Compass Points for Mission Accomplishment

I’ve been thinking about mission statements lately because they set the intention for a nonprofit organization. They are the simplest but most powerful tool you have in communicating your case to supporters. Your mission statement clarifies the reason for the organization’s existence and provides the foundation for all of its activities.

When talking with organizations about developing their mission, I sometimes hear that they are working toward a specific goal and they want to “be working themselves out of a job.” It comes from a feeling that we should be working to solve a problem once and for all. With our mission statement, we feel the urge to want to say “mission accomplished.” We feel guilty about any thought or perception, particularly in this time of being wary of toxic philanthropy, that we might use our mission to justify the continued employment of our staff or enable their livelihood on the backs of those in need.

However, the idea of a mission statement that reaches a final goal or an organizational culture of “working yourself out of a job” may allow you to reach one goal, but leaves innumerable other goals that could have been reached off the table. Instead of using your mission statement to set a goal, think of it as your compass to guide your actions.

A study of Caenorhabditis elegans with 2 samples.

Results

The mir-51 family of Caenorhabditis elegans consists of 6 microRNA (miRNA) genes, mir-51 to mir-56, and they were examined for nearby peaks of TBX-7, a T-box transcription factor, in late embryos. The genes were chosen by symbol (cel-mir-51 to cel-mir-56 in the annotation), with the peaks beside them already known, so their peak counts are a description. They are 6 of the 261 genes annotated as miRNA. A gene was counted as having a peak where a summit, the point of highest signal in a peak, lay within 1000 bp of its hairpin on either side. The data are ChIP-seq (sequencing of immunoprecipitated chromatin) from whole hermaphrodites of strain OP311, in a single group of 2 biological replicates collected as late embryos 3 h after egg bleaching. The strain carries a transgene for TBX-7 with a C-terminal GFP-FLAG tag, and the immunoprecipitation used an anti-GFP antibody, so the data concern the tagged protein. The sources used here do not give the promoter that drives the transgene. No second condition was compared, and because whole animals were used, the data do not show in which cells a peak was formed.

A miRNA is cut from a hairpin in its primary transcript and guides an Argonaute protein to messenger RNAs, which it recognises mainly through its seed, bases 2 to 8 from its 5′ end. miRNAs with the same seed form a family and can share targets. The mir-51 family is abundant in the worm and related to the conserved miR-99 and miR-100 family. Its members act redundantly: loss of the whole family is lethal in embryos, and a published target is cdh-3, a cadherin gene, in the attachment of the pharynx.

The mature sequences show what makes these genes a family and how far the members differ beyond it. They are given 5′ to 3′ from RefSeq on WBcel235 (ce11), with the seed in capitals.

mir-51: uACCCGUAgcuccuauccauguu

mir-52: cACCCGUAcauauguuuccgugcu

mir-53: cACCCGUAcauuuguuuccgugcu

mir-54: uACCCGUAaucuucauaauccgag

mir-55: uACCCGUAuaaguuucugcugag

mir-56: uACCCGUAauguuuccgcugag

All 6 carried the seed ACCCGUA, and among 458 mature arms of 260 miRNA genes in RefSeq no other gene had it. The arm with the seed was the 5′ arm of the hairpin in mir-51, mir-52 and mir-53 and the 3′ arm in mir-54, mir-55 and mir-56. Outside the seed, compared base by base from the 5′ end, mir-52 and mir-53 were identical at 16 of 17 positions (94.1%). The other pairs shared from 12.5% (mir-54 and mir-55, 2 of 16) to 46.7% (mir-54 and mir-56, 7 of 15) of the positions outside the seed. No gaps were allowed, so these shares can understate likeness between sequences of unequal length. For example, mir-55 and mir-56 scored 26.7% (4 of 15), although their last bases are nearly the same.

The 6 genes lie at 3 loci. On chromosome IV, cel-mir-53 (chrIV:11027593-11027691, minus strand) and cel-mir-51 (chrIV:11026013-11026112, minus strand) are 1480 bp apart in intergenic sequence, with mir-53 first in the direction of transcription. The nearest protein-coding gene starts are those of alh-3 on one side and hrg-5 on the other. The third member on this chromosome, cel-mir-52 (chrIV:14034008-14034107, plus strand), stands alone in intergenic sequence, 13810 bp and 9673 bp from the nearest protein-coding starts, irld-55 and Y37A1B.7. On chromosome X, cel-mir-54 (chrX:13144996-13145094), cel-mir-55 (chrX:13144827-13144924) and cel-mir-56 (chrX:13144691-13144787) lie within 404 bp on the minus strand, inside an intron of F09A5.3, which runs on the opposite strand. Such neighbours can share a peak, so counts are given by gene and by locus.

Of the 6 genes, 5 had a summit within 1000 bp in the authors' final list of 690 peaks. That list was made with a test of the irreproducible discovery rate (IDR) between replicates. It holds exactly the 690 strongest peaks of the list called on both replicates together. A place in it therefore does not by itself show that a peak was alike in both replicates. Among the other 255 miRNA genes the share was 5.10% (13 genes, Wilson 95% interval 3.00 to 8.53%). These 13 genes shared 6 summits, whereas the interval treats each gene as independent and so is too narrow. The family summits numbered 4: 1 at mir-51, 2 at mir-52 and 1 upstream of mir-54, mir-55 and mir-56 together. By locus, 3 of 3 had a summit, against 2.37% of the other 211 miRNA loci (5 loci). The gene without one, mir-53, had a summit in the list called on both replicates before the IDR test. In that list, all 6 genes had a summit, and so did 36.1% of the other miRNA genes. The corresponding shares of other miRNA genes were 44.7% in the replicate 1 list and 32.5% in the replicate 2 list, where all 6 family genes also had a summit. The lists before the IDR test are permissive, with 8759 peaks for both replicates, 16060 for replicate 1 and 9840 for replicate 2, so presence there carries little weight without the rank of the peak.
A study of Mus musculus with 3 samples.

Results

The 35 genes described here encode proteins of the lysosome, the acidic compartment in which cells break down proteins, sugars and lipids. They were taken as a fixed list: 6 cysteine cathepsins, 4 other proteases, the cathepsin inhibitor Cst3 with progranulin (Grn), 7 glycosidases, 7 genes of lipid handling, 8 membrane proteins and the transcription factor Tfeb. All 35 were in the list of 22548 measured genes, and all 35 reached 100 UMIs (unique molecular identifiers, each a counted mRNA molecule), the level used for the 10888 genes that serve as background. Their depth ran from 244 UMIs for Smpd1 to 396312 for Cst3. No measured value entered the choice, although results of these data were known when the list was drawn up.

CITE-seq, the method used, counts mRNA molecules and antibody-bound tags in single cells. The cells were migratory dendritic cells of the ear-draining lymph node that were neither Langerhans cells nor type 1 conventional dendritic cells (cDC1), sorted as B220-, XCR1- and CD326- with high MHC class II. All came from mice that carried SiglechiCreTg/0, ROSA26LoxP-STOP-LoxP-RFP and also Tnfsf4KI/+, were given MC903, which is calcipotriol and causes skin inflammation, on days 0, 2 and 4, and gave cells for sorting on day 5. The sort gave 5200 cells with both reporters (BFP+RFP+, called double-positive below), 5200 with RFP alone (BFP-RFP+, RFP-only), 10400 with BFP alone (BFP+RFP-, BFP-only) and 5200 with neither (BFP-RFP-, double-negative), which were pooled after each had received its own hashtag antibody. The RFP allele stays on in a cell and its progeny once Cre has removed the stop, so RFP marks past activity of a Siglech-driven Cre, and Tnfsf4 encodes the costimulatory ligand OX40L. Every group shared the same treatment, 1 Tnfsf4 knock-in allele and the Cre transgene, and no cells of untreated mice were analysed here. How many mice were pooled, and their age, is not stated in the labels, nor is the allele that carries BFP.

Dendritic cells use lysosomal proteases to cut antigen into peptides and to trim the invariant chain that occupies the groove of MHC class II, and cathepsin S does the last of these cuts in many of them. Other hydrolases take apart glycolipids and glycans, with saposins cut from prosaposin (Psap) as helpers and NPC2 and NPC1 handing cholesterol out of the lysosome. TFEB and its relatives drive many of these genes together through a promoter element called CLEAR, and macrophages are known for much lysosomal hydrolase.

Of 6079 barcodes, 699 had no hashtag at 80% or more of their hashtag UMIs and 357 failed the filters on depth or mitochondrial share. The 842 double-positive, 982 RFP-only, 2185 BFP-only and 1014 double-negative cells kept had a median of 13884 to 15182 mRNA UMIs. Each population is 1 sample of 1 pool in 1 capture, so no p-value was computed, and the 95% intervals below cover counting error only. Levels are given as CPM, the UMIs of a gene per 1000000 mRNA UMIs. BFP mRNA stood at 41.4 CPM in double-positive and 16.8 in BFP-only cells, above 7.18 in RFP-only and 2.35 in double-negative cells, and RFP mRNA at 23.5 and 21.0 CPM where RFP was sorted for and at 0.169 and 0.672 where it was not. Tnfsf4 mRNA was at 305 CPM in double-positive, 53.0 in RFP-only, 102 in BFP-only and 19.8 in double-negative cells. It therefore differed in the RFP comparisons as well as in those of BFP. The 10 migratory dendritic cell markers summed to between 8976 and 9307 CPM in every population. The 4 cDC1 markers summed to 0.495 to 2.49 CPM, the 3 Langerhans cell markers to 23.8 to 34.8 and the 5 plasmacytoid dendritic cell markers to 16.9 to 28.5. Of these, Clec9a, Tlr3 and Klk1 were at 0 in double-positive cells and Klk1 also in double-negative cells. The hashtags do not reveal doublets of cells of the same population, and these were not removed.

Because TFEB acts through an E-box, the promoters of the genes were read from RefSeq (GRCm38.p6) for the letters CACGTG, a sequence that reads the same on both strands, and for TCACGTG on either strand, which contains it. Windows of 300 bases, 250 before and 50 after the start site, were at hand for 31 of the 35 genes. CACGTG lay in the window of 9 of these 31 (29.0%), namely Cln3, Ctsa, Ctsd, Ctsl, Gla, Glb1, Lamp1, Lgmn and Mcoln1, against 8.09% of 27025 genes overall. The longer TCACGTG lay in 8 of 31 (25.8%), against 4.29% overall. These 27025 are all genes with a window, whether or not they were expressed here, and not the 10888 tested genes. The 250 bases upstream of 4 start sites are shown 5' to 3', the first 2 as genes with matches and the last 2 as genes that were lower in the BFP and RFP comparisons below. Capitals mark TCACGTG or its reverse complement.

In the book Work Rules by Laszlo Bock, Google’s former Human Resources lead, Bock shared the reasoning behind their mission statement. Google’s mission is “to organize the world's information and make it universally accessible and useful.” That is a specific yet also open mission statement. To Bock, that is a good thing. From his experience, rather than employees feeling entitled to ongoing employment, this outlook “creates motivation to constantly innovate and push into new areas” that will fulfill the mission.

Yes, nonprofits are different than for profit businesses, but both can be mission driven, and I think the “mission accomplished” mindset is worth rethinking. A mission statement about reaching a goal offers little inspiration. A more empowering mission about an ongoing effort would allow an organization to, as Bock says, “move forward by steering with a compass rather than a speedometer.”

In my work, I’m going to try and leave the goals to strategic plans and start asking how I can turn mission statements into compasses rather than goal lines and in the process inspire even greater accomplishments.